Enhance Your Pond’s Beauty and Ecosystem with Exquisite Marginal Plants

Marginal plants are perhaps the most versatile plant group in the water garden. They add beauty, color, texture, and valuable filtration, and are called marginals because they’re typically planted around the edges, or “margins,” of the pond.

Marginal plants typically thrive in wet soil or standing water that covers the crown of the plant anywhere from two to six inches. Some species even thrive in water more than two feet deep. Marginal plants come in an overwhelming assortment of genera, providing you with many shapes, textures, colors, and sizes. Choose a miniature sweet flag that’s only a few inches tall, or a tropical thalia whose flowers are borne 10 feet above the surface of the water. The most common and readily available varieties of marginal plants include iris, sweet flag, pickerel plant, canna, thalia, bulrush, and cattail, to name just a few.


The Elegant Iris

Aquatic irises, a popular sight in many water gardens, are among the first plants to bloom in the spring. They comprise such a large and diverse group that they are sometimes treated separately. This category includes, but is not limited to Louisiana iris, Japanese iris, Siberian iris, and native aquatic iris such as blue flag. The Asiatic/European yellow iris has become naturalized in North America and is often found in ponds. There are literally hundreds, if not thousands, of cultivated and natural hybrids within each group.


aquatic iris in pond
Beautiful aquatic iris


Beautification and Naturalization

With so many different shapes, sizes, and colors, choosing marginals could be overwhelming. On the flip side, it’s not hard finding a marginal plant to fit the needs of your pond.

Besides adding beauty and naturalization, marginal plants add valuable filtration to your pond. They consume a tremendous amount of nutrients that would otherwise feed algae. We know that ponds are great for attracting wildlife, and marginal plants can help in that effort by giving frogs and toads shelter and protection from weather and predators. Marginal plantings also provide shelter for many types of birds who drink or bathe in your pond, and the sweet nectar of many of the flowering plants can attract butterflies and hummingbirds. Butterfly weed, cannas, and lobelia are especially good for this.


Tropical and Hardy

Marginal plants are available in both hardy and tropical species. A combination of tropical and hardy should be planted in your pond in the same way you mix annuals and perennials in your flower beds. Hardy plants reliably re-appear to greet you each season, getting bigger, and giving your pond a mature look with each year of growth. Tropicals only last one season, but they’ll add an exotic touch to your pondscape.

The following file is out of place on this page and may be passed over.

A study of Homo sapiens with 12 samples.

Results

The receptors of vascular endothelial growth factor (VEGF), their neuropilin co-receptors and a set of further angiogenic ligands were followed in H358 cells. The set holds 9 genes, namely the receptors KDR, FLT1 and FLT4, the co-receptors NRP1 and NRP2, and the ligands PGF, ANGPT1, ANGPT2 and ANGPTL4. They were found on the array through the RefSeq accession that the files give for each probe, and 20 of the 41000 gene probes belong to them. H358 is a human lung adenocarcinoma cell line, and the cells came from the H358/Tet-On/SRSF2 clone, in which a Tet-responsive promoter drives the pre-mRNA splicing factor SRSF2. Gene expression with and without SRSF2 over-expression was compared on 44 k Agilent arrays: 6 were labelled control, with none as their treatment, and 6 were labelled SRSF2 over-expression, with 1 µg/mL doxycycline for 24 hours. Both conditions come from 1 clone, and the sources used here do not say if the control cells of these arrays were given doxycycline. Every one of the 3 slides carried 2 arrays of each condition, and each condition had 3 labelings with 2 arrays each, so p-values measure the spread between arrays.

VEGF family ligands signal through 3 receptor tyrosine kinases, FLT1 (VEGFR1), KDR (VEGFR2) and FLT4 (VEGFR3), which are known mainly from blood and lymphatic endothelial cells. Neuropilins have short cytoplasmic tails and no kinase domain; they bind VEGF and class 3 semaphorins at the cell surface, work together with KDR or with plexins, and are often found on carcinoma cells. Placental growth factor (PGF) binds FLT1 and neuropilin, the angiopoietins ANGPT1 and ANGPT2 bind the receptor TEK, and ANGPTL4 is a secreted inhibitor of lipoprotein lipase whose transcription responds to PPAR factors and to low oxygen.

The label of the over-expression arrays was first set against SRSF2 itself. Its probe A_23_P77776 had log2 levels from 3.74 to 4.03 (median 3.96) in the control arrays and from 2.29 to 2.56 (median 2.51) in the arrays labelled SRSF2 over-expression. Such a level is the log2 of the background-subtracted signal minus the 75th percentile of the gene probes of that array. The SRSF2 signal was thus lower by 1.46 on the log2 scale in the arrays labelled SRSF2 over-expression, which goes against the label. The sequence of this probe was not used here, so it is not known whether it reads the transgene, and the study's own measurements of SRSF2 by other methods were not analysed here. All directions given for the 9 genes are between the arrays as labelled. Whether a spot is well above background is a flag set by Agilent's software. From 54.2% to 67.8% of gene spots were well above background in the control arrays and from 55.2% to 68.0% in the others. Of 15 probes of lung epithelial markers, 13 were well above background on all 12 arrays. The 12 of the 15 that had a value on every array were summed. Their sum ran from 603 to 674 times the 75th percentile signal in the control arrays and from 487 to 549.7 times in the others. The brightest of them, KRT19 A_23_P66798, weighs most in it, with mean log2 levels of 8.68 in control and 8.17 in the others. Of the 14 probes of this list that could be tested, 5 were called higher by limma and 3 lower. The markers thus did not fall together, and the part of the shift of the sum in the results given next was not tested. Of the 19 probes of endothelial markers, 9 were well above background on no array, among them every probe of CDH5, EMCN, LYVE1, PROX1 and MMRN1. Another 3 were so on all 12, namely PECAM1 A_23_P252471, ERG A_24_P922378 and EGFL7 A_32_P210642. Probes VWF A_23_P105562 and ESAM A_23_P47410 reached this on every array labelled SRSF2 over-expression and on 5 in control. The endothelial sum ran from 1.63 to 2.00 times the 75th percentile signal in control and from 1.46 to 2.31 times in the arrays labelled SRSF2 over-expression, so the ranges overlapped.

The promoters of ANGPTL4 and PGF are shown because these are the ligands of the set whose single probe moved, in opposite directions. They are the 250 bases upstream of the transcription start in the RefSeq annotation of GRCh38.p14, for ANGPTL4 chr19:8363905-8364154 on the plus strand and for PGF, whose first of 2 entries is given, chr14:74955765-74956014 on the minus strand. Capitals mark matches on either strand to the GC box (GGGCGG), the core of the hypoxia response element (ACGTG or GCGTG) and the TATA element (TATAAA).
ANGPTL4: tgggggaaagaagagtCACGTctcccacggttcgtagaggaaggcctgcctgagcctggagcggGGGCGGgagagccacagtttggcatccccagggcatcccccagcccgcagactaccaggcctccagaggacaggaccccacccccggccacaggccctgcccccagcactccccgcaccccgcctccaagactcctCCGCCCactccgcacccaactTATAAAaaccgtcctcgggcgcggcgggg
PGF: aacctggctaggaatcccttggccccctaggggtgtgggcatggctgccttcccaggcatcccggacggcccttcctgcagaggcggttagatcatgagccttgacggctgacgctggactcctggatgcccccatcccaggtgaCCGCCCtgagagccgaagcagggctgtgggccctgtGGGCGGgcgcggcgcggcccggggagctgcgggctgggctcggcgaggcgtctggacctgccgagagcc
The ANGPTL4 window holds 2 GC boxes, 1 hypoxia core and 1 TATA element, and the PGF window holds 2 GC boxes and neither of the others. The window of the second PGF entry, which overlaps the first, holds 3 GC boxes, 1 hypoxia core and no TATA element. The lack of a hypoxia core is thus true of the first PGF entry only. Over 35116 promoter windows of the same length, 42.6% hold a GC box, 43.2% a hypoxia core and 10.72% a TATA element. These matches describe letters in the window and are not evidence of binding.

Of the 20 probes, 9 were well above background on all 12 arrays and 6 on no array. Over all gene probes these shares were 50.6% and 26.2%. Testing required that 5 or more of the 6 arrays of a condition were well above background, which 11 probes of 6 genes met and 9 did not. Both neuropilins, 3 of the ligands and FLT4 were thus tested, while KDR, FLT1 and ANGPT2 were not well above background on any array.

If you prefer not to spend money on plants that won’t return each season, keep in mind that tropicals can be over-wintered as houseplants. Simply pot them in plastic or ceramic sealed containers without drainage holes. Fill the container with soil, and top with gravel. Give the plant a sunny window and keep it saturated with water and it will survive indoors. You can incorporate a grow light if you think it’s not getting enough direct sunlight.


Pond Plants in a Backyard Koi Pond
Plants in water garden


Maintaining Marginal Plants

Taking care of marginal plants is fairly simple. Remove any dead, discolored, or excess plant material as needed. Marginal plants (unless they’re in pots) generally do not need to be fertilized, as they will flourish from the nutrients in the pond.

For winter care, cut the plants back and, in the spring, remove any remaining dead plant material to make room for the new, bright green shoots that emerge.

Remember, the growth of marginal plants that are directly planted in the gravel of your pond is not restricted. Be careful to avoid overly aggressive species (like water celery) or they could take over your pond. No matter which marginal plants you choose, you’ll need to do a little thinning from time to time to keep them in check.


A Final Note

The flowering waterlily might be the highlight of your pond, or the lotus your pride and joy, but marginal plants play a crucial role in the function, maintainability, and beauty of a properly conceived water garden. Without them, the pond could look a bit barren and unnatural.

Marginals provide texture, color, and blooms that soften the nearby rocks, and help transition the pond into its surrounding landscape. It’s fun to experiment with different plants over the years, so have fun choosing and placing plants in your water garden. Play with colors, textures, and heights of marginal plants and you’ll soon feel like an artist working with a watery canvas.